Last edited: November 27, 2004

Jamaican Gays Refute Gov’t Claims of No Discrimination

The Associated Press, November 26, 2004

By Stevenson Jacobs

Kingston—As the mob around Victor Jarrett grew, so did the chanting. “Gays must die!” onlookers yelled as two policemen allegedly took turns beating him beneath the blazing afternoon sun.

His crime? Staring at a teenage boy on a beach, one witness said.

After chasing him to a nearby house, the crowd of civilians dragged Jarrett out and chopped, stabbed and stoned him to death.

“The police just let it happen,” said Nicholas Henry, another gay man who witnessed part of the June 18 attack in the northern town of Montego Bay. “Where are you supposed to turn when even the police won’t protect you? Our society tells us there’s nothing worse than being gay.”

Many in Jamaica insist such cases are rare, but the report by Human Rights Watch alleges widespread abuse against gays on the Caribbean island known for the slogan “one love.”

The report, released last week and swiftly condemned by the government, (story) has reignited debate about homophobia in this conservative former British colony just six months after the slaying of Jamaica’s best-known gay rights activist, Brian Williamson, in what police said was a robbery.

Compiled from weeks of interviews with dozens of participants, the 79-page report says homosexuals endure pervasive hostility in almost all levels of Jamaican society—from the police to the pulpit and even popular reggae music.

It paints a particularly bleak picture for gay men, saying they suffer frequent abuse—including harassment, arbitrary arrest and sometimes torture—but have little recourse because of anti-gay stigma and a colonial-era sodomy law banning sex between men.

“Jamaica can’t pretend any longer that there isn’t a problem,” said Rebecca Schleifer, a Human Rights Watch researcher who wrote the report.

Her group says homophobic violence is adding to HIV/AIDS infections on the island by discouraging at-risk people from seeking information about the virus, still widely considered a “gay disease” in Jamaica.

Prime Minister P.J. Patterson’s government dismissed the report and criticized the group for linking homophobia to the spread of HIV/AIDS.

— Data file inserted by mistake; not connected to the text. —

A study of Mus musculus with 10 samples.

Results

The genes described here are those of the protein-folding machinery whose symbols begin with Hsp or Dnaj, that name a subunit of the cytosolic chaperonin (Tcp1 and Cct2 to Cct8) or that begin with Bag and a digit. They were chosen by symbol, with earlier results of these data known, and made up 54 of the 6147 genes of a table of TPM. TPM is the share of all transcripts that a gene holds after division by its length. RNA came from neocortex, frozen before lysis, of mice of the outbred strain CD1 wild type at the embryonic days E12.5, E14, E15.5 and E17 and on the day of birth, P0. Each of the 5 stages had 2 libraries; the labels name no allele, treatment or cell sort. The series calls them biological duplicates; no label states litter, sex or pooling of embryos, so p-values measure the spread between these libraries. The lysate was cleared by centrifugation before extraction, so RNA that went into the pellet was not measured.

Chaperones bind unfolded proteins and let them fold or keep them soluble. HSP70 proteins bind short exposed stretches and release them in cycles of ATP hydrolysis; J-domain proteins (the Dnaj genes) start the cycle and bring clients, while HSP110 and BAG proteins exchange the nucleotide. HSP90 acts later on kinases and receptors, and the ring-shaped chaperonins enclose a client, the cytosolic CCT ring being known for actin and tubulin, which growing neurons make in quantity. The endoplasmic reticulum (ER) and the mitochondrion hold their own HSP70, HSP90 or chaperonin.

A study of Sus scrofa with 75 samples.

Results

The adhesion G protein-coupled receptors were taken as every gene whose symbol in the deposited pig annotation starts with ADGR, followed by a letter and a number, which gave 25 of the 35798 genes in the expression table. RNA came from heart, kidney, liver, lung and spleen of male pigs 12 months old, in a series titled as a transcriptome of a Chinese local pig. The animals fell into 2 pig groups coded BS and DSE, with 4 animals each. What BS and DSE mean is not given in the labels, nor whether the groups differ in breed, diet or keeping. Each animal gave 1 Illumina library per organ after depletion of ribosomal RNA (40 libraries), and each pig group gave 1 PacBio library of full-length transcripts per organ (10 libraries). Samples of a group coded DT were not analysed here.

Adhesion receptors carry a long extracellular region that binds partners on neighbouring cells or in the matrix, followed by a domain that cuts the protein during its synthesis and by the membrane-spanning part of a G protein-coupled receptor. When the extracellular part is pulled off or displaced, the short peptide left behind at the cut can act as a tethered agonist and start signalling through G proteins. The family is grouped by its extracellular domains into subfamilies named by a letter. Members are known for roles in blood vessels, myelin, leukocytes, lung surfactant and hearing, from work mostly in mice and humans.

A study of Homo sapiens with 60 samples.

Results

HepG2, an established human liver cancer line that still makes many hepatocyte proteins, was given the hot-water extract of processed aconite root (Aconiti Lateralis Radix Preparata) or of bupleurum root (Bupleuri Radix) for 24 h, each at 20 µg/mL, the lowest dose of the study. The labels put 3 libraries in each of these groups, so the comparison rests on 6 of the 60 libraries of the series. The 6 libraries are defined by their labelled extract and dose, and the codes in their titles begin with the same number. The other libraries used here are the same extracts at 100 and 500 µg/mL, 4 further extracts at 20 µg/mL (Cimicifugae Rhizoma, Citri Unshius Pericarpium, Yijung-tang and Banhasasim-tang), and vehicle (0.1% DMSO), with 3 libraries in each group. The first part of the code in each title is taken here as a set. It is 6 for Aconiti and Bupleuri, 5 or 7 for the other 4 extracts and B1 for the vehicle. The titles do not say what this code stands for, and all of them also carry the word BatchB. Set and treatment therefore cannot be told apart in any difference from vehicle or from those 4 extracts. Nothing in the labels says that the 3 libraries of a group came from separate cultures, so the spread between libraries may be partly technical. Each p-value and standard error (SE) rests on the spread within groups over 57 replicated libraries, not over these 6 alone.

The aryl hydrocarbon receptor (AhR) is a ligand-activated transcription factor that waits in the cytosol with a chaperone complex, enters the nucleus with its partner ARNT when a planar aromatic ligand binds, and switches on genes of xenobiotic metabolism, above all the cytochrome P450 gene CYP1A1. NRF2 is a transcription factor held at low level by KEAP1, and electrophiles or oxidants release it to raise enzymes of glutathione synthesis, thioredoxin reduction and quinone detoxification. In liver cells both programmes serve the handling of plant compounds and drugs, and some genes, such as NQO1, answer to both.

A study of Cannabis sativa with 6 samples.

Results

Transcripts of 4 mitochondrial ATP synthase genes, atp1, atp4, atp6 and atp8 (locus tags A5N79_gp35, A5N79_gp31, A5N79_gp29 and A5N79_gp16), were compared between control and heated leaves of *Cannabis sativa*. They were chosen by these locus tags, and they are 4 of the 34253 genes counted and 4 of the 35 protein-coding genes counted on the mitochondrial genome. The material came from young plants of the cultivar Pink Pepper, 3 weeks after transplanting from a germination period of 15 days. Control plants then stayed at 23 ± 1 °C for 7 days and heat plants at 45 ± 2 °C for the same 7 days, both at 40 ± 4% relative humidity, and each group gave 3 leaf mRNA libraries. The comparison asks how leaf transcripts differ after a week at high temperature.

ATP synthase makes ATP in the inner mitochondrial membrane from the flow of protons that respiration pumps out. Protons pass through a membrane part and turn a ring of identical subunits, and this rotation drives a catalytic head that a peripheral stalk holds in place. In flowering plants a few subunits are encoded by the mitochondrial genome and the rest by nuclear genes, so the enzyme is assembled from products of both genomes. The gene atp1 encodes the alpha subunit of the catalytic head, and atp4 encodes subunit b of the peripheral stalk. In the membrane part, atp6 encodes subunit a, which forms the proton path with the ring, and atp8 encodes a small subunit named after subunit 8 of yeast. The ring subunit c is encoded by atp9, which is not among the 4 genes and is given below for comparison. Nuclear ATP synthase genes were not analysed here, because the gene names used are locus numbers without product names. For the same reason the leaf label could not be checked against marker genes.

“We are opposed to violence against all persons and will continue to protect the rights of all citizens,” Information Minister Burchell Whiteman said.

Police officials have denied they target gays and have asked Human Rights Watch for evidence in the cases of Jarrett and other abuses detailed in the report so they can investigate, police Superintendent Ionie Ramsay-Nelson said.

“We need the details of what they’re alleging: When did these things happen? Where did they happen? Who was involved? We can’t conduct an investigation until we get this information,” Ramsay-Nelson said.

Human Rights Watch cited witnesses’ accounts that two policemen were initially involved in beating Jarrett, then urged the crowd to take over.

A front-page photo of Jarrett’s blood-spattered body was published the next day in the Western Mirror newspaper with the caption “What a way to go,” referring to him as an “alleged gay man.”

Homophobia in Jamaica gained international attention in June after alleged thieves broke into the home of Williamson, the founder of Jamaica’s only gay rights group, and mutilated his body with an ice pick and a machete.

Human rights groups suggested he was the victim of a hate crime, but police ruled the act the result of a robbery and charged a newspaper vendor for the killing.

Human Rights Watch says anti-gay violence will continue unless the government acts to protect gays, a move likely to find little favor with ordinary Jamaicans, many of whom consider homosexuality a sin.

“Gay people want rights, but I don’t think it should happen in Jamaica,” said Pauline Small, a 36-year-old housekeeper. “Spiritually it’s wrong.”